MAN SMOKING


To emulate their success, we must stop thinking of all the alternatives as a negative.

Smoking is terrible for you. Everyone knows this, but millions of smokers have tried in vain to quit. No one really wants to smell like an ashtray and die of lung cancer, but cigarettes are just so addictive. Of course, there are various products that attempt to help dampen cravings and withdrawal symptoms, but none have been widely successful in the U.S. or in Europe. It’s like we just can’t figure out how to help people quit smoking.


SMOKING MARIJUANA


Joe Nocera explains Sweden’s unparalleled success over at the Bloomberg View:

“Why have Swedes stopped smoking? Because, as the tweet also notes, Sweden has adopted a ‘harm reduction’ strategy: it has largely replaced deadly cigarettes with a product that supplies users with both nicotine and tobacco yet doesn’t increase the odds of dying the way smoking does. That product is called snus.”

According to Nocera, snus are small packets of moist tobacco that users place under their upper lip. It’s traditionally been used by Swedes since the 18th century, so the transition away from cigarettes to snus was pretty natural.

If this product sounds familiar to you, it’s no surprise — Americans have been using dipping tobacco for about as long as Swedes have been using snus. The major difference between the two is the way they are cured.

Dipping tobacco is fire cured, which means users have to spit while using it. But it’s been a long time since spittoons were popular, so there’s a significantly negative social stigma attached to dip.





Snus is basically the trifecta of nicotine replacement — actual nicotine? Check. Oral fixation? Check. No social stigma? Check. Surely the FDA is chomping at the bit to get snus on the shelves stateside, right?

Wrong. Last year, the FDA turned down an application by Swedish Match, the company who makes snus, to advertise it as less harmful than cigarettes, and the EU won’t allow it to be sold in most European countries.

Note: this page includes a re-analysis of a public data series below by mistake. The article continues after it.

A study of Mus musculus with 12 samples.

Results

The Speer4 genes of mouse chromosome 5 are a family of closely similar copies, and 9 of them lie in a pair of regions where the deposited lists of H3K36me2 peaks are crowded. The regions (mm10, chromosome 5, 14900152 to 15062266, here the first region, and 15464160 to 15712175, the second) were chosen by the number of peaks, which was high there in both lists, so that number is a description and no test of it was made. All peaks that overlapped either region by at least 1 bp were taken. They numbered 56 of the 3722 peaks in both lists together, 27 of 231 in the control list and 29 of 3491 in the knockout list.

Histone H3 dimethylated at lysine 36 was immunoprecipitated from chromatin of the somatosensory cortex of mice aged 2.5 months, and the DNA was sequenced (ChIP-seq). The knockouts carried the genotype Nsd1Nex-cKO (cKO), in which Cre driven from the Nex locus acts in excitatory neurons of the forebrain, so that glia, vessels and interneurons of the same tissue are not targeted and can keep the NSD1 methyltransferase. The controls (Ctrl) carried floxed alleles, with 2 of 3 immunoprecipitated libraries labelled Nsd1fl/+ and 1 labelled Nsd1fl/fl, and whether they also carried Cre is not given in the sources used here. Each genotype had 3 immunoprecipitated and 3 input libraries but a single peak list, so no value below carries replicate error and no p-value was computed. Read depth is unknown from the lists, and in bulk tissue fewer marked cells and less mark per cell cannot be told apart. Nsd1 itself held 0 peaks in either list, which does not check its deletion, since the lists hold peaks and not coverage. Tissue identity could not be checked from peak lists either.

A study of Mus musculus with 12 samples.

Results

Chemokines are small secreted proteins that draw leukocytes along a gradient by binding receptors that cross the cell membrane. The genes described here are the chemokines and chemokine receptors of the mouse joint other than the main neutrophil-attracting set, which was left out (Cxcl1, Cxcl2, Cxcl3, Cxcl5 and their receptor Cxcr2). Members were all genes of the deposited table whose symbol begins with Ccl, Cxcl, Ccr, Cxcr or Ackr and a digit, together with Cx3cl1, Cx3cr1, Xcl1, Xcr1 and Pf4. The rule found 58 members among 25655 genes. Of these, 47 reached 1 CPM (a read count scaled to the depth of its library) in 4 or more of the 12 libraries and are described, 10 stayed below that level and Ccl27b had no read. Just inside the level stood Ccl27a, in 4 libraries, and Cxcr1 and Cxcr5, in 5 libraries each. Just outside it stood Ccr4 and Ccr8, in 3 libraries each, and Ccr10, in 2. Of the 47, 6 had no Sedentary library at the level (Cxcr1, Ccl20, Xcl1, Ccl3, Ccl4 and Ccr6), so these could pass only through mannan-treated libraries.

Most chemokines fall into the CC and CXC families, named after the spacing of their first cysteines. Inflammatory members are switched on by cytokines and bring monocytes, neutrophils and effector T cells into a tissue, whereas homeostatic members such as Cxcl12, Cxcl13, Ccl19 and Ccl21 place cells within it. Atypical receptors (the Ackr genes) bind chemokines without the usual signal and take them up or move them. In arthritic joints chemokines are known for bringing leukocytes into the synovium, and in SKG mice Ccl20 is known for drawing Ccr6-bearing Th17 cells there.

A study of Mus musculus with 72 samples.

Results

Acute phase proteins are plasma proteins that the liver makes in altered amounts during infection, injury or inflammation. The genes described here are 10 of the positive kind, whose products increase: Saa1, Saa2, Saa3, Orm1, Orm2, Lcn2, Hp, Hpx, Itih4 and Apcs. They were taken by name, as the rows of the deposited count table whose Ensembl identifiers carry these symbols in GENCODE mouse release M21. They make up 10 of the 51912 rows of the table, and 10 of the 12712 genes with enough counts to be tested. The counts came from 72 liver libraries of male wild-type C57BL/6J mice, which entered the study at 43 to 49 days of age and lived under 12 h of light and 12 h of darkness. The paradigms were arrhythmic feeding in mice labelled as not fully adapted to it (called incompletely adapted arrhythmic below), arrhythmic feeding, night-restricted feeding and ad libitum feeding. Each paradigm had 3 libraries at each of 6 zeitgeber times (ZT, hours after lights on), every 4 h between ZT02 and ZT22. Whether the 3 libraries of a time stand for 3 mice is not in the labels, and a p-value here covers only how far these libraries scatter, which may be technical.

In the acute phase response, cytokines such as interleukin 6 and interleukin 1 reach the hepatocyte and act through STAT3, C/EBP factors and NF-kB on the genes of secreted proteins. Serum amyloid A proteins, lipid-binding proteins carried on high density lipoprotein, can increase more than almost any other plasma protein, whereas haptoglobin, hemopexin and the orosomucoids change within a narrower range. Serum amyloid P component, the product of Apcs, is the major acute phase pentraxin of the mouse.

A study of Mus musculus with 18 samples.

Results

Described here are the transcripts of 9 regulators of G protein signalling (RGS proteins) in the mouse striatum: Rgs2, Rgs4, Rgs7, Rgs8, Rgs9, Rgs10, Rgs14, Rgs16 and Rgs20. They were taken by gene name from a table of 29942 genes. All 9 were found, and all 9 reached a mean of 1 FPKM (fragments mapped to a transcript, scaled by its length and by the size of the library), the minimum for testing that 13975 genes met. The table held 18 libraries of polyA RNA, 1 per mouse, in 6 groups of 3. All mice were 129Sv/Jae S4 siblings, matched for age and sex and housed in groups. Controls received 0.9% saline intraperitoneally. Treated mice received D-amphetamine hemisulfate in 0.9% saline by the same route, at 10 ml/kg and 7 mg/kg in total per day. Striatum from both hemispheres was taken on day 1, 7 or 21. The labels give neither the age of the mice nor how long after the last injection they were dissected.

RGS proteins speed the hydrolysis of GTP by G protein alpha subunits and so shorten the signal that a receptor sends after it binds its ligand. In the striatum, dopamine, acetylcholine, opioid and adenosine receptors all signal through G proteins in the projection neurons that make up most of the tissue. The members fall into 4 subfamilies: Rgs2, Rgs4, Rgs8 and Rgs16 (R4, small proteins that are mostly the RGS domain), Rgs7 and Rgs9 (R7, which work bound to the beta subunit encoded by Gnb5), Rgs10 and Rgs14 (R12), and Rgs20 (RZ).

Their rationale is that quitting all forms of tobacco and nicotine is the safest strategy, which is as true as it is impractical. It’s the perfect example of making the perfect the enemy of the good — it’s caused the FDA to reject a product that has proven to be more successful  at helping people quit smoking than literally everything else they have ever tried.

Moving smokers to snus can break their addiction to cigarettes and reduce their chance for developing cancer at the same time. It also makes them more likely to eventually quit tobacco altogether, as the vast majority of Swedes have done. Only 15 percent of Swedes use snus today, which is still lower than the percentage of Americans who smoke.

Harm reduction should not be seen as a negative. Instead of the current teetotaling, all-or-nothing mentality in the face of any public addiction crisis, reducing harm step by step should be seen as a goal in itself. Each step that reduces harm and moves a person away from their addiction also moves them one step closer to freedom from that addiction — which, after all, is what we’re aiming for.